Watch Polar Bears Live Online

from Wildlife Promise

I’m a pretty lucky guy. As National Wildlife Federation naturalist, I get to go on television to promote conservation, often with real wild animals.  It’s a very cool job, and I love it. Today, however, I am even luckier.

Today, I got to see polar bears. Up close. In the wild. Holy wow!

An inquisitive female polar bear checks me out.

You see, I’m writing this from Churchill, Manitoba, on the banks of Hudson Bay. I was invited here by Polar Bears International to participate in the Tundra Connections® program. I’ll be moderating a series of webcasts this week all about polar bears, other tundra wildlife, their Arctic environment, and the impacts of climate change on these species.

Today was our first day out on the tundra. At this time of year, polar bears are gathering on the shores of the bay, waiting for the sea ice to form so they can go out and hunt seals, their primary source of food.  This makes it one of the best places on the planet to see wild polar bears.

The bears did not disappoint. Within a few minutes of heading out on the Tundra Buggy® we spotted a female bear who wandered over to us and propped herself up on the tire for a closer look.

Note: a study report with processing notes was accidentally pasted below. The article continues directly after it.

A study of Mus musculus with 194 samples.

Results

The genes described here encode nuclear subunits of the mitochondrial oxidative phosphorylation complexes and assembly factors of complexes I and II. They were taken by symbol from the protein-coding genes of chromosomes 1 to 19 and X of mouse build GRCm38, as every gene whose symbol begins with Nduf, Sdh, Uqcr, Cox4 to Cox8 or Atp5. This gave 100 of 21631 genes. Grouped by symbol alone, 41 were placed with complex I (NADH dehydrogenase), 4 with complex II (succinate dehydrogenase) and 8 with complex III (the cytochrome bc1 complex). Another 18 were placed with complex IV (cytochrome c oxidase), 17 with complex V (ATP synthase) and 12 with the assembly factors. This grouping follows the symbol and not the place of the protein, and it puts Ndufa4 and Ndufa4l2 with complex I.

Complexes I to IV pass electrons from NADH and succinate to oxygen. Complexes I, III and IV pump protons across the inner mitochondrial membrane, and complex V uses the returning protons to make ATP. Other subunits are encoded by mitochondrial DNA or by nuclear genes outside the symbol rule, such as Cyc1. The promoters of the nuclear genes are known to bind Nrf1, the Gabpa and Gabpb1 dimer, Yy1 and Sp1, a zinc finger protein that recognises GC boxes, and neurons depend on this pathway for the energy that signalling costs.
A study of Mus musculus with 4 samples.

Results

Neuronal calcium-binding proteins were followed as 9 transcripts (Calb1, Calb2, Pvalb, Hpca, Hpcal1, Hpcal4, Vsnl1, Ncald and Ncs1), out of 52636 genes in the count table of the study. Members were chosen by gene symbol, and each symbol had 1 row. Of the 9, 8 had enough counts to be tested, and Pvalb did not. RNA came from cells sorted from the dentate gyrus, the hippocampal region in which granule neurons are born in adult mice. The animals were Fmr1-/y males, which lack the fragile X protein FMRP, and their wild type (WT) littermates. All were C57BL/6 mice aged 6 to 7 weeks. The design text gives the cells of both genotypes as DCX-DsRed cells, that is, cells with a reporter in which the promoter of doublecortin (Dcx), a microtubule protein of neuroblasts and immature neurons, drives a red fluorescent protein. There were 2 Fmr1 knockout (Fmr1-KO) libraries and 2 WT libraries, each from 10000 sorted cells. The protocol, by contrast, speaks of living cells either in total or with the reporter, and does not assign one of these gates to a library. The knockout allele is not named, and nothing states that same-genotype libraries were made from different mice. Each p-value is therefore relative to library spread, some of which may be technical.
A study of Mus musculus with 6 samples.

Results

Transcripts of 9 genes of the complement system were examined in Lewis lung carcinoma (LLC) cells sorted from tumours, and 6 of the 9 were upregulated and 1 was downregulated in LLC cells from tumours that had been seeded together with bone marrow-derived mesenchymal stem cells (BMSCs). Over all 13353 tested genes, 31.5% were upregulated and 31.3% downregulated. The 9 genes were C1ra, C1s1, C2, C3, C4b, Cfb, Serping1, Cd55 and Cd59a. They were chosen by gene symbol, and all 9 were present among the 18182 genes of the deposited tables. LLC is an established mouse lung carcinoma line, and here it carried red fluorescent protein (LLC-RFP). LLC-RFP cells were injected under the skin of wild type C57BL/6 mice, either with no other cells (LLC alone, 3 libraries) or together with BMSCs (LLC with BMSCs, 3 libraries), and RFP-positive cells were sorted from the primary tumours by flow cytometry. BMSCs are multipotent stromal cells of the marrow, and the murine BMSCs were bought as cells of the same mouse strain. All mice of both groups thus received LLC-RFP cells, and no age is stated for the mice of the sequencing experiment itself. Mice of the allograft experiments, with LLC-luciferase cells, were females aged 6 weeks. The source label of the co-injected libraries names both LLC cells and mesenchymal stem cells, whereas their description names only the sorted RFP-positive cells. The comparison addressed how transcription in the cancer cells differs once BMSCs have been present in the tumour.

Shortly after that, we encountered two males sparring, a playful, wrestling behavior that helps males size each other up, reducing the likelihood of bloody and potentially fatal battles later when they’re competing for mates.

Two male polar bears sparring.

 The good news is that you can be just as lucky as I was today.  Through the Tundra Connections webcasts, you can see the polar bears in real time, just as I’m seeing them.

Not only that, you’ll also hear from and interact with polar bear expert Andy Deroscher from University of Alberta, snowy owl biologist Denver Holt of the Owl Research Institute, and climate change expert Kassie Siegel of the Center of Biological Diversity.  You really don’t want to miss this.

Get the Tundra Connections webcast schedule here.

A lone polar bear patiently waits for the sea ice to form so it can hunt seals and break its months-long fast.